Appeals & Response Plans
- Tropical Cyclone Sagar - May 2018
- Ethiopia: Floods and Landslides - Apr 2018
- Ethiopia: Floods - Aug 2017
- Ethiopia: Measles Outbreak - May 2017
- East Africa: Armyworm Infestation - Mar 2017
- Ethiopia: Acute Watery Diarrhoea (AWD) Outbreak - May 2016
- Ethiopia: Floods - Apr 2016
- Ethiopia: Floods - Oct 2015
- Ethiopia: Drought - 2015-2018
- Ethiopia: Floods - Oct 2014
Most read reports
- UNICEF Ethiopia Humanitarian Situation Report #8 – Reporting Period: August 2018
- Ethiopia Humanitarian Bulletin Issue 63 | 3 - 16 September 2018
- Displaced Ethiopians, returnees need continued support
This is a study of the impact of economic reforms on hunger-prone people in three of the world's poorest countries - Malawi, Zambia and Ethiopia. Its primary purpose is to assess whether food security has improved or worsened, and why.
These three states are among the large number of developing countries that have promoted extensive liberalization of their economies over the past 15 or so years, under the auspices of the World Bank and International Monetary Fund.
Hundreds of thousands of people have so far been rendered homeless in several parts of east Africa, where heavy rains and floods have wreaked havoc over the past few weeks.
Many people have been killed by the floods, and more than 300,000 people are reported have been affected. These numbers are expected to rise as heavy rains continue to pound all over east Africa, particularly in Kenya, Somalia and Ethiopia.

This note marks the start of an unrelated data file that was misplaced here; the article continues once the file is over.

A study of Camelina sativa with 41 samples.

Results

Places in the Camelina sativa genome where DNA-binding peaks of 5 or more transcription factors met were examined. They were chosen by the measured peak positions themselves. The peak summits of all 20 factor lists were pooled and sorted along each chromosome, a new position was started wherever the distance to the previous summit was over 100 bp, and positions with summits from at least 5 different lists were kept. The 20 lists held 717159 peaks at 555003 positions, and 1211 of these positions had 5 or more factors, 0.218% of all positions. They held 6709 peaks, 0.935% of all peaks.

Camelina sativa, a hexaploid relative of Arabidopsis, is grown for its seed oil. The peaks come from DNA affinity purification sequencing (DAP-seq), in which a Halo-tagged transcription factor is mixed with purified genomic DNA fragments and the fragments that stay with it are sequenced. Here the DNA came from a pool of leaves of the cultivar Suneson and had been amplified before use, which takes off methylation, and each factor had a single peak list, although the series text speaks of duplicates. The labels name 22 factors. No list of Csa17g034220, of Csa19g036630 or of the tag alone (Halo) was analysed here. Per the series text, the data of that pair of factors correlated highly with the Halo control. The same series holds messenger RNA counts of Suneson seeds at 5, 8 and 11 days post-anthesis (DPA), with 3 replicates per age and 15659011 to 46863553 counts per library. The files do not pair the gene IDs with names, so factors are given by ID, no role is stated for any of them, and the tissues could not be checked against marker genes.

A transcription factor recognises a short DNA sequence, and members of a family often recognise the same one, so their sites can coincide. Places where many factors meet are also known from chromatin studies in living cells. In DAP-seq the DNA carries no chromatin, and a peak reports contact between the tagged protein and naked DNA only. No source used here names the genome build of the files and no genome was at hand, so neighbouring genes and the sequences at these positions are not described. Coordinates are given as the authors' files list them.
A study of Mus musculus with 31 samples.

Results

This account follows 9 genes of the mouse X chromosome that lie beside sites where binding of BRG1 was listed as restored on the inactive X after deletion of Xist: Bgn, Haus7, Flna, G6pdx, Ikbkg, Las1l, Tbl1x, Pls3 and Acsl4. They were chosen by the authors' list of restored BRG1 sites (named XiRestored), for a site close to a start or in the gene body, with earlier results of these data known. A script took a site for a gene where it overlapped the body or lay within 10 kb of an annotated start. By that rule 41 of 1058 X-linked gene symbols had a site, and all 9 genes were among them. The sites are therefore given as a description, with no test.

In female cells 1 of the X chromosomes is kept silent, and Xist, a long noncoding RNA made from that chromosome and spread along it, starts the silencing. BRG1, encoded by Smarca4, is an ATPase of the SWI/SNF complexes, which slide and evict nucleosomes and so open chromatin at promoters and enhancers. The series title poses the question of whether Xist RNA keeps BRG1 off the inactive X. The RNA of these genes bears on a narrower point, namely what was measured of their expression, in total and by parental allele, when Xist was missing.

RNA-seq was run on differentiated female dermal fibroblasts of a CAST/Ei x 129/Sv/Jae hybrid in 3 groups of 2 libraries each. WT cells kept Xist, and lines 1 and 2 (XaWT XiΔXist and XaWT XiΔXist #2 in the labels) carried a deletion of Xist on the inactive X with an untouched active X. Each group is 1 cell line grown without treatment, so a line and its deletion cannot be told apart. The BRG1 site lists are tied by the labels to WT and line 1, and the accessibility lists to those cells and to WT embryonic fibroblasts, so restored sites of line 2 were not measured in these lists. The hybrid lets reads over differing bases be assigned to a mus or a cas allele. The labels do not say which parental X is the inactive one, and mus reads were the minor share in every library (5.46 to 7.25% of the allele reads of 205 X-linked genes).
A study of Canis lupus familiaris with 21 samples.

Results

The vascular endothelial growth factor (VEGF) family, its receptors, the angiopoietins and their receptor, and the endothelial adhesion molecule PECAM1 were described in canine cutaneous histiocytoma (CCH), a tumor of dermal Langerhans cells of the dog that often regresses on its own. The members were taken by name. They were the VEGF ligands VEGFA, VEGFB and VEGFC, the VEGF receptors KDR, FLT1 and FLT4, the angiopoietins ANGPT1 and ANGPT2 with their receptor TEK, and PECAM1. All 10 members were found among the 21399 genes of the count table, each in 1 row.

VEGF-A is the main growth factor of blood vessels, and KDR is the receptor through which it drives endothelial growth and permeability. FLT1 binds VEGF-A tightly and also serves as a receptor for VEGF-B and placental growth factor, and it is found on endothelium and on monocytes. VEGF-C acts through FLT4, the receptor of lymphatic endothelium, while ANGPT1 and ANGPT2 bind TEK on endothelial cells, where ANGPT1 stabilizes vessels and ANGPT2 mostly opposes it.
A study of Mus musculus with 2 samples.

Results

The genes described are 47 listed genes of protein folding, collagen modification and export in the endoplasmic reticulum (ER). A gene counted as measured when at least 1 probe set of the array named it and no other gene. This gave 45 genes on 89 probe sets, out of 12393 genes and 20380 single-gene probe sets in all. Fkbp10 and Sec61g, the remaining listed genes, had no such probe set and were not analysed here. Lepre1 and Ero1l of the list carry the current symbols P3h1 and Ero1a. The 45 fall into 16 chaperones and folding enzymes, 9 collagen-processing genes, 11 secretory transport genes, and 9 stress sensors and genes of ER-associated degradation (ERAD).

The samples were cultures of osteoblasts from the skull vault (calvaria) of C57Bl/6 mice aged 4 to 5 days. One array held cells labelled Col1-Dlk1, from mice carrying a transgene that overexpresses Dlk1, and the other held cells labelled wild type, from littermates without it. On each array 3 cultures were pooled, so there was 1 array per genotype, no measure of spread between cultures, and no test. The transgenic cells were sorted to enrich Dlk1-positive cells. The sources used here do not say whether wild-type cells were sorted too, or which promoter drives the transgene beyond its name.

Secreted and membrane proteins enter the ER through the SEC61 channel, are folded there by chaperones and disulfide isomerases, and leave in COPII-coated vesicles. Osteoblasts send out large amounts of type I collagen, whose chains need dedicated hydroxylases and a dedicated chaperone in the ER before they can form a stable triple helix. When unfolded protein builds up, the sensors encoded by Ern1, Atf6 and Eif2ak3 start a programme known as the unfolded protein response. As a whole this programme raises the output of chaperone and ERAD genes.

Roughly 11 million people are currently threatened with starvation in Eastern Africa. "These people have waited two years for rain to fall, and cannot wait any longer," says Kari Øyen.
The region has been affected by serious drought since late 2005 when the short rainy season failed, leaving water reserves dry and forcing the population to ration the little water they have available yet more strictly. The crisis stretches across large areas of Djibouti, Ethiopia, Eritrea, Somalia, Kenya and Tanzania.
Dry conditions and food shortages are causing the situation to deteriorate across the whole of Africa's Horn. "People are becoming increasingly desperate," says Norwegian Church Aid's Kari Øyen.